In response to a number of calls from various advocacy groups, USAID recently announced a $20 million livelihoods project in eastern Congo inviting proposals for a four-year program in the Kivus and Orientale provinces, focused on people affected by sexual violence and the conflict minerals trade. The project is basically aimed at reaching at least 80,000 people in these provinces. In order to address the problems faced by grassroots communities in these areas that have been very much affected by the violence in eastern Congo, Enough Project has played a major role in convincing USAID for this initiative.
In eastern Congo’s mining communities are more and more taking up to legitimate business and abandoning the conflict minerals trade, people will need targeted assistance to help them find meaningful sources of livelihood and cope with the ongoing challenges of living in an area long plagued by conflict. It is expected that that part of this project can target these vulnerable communities in particular. This program must also be carried out in a transparent and grassroots-oriented manner, so that grassroots communities indeed receive direct, tangible benefits from the projects funded by USAID.
As per the request for proposals the Community Recovery and Livelihoods Project (CRLP) is aimed at promoting stable socio-economic recovery in targeted communities in eastern DRC, especially in areas where SGBV [sexual and gender-based violence] and gender inequalities are considered as major challenges to stability and reconciliation. USAID is seeking the applicants to address relevant factors such as the communities’ experience with conflict and particularly Sexual and Gender-Based Violence (SGBV), as well as their proximity to illicit mining activities.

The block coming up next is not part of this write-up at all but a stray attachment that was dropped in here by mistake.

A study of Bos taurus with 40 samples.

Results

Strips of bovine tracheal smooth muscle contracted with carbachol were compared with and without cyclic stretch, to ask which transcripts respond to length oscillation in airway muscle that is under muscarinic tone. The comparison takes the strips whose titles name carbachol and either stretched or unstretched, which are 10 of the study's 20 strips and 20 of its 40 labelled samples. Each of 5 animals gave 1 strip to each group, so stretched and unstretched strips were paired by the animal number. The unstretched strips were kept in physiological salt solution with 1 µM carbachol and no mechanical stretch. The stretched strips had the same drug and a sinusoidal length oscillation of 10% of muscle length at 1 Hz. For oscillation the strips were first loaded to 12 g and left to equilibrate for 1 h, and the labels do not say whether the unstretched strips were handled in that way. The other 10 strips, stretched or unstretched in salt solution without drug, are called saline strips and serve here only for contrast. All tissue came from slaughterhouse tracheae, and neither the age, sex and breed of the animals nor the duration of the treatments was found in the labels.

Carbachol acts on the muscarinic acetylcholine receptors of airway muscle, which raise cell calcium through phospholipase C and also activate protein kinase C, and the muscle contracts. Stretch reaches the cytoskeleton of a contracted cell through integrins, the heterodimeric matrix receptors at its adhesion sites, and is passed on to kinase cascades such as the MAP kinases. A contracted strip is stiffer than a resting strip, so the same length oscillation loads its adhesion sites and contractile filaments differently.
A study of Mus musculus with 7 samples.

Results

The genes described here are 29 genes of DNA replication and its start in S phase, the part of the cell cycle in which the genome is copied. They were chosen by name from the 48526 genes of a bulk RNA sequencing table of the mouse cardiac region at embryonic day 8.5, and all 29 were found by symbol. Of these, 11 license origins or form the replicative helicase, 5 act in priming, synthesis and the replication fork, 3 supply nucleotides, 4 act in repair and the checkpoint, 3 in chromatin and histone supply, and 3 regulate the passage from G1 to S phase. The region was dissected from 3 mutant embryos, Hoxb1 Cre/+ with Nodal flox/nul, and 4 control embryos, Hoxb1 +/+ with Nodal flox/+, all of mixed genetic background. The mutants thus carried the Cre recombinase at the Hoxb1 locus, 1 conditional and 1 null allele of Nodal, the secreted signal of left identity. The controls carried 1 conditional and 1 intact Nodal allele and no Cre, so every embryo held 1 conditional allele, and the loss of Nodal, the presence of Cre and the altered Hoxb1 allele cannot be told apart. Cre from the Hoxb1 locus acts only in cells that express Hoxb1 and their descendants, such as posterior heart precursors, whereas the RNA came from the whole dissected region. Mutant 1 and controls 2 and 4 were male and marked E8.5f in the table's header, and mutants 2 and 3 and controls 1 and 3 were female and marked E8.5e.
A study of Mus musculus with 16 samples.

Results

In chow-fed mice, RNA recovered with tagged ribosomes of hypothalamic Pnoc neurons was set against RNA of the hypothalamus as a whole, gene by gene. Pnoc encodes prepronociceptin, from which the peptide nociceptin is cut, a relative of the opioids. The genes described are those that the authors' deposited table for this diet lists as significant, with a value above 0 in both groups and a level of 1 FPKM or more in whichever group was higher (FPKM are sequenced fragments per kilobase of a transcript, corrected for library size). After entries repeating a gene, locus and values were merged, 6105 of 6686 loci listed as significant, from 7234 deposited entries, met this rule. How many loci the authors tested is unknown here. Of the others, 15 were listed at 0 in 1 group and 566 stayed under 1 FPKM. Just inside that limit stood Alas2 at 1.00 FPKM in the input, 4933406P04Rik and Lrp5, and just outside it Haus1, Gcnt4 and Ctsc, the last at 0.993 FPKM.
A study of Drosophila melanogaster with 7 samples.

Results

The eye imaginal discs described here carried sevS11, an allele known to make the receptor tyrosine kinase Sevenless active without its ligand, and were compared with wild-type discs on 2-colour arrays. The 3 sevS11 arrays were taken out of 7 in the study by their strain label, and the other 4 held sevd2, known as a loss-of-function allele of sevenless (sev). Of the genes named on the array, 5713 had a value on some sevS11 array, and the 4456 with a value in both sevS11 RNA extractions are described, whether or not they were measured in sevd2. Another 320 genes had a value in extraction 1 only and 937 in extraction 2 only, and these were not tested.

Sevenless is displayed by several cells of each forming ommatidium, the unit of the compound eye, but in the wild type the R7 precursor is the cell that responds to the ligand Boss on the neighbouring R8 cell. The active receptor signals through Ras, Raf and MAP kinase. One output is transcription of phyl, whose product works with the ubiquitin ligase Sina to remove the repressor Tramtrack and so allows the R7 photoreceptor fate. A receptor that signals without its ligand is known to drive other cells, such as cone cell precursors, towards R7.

Focus areas of funding:
– Livelihoods work through support to agriculture, market access, alternative livelihoods, and gender role dialogues.
– Community conflict resolution through infrastructure construction, women’s participation, and community conflict management structure support.
Request for applications also acknowledges that in order to consolidate recovery gains, both the more productive and entrepreneurial as well as the more marginalized and vulnerable members of society must be included. USAID intends for the project to work along this spectrum, ensuring the inclusion of victims of violence, particularly women and girls.
The initiative is encouraging development besides the efforts to reform the trade in minerals so that the revenue will benefit local communities. The request is posted on grants.gov website, and applications are due on September 15.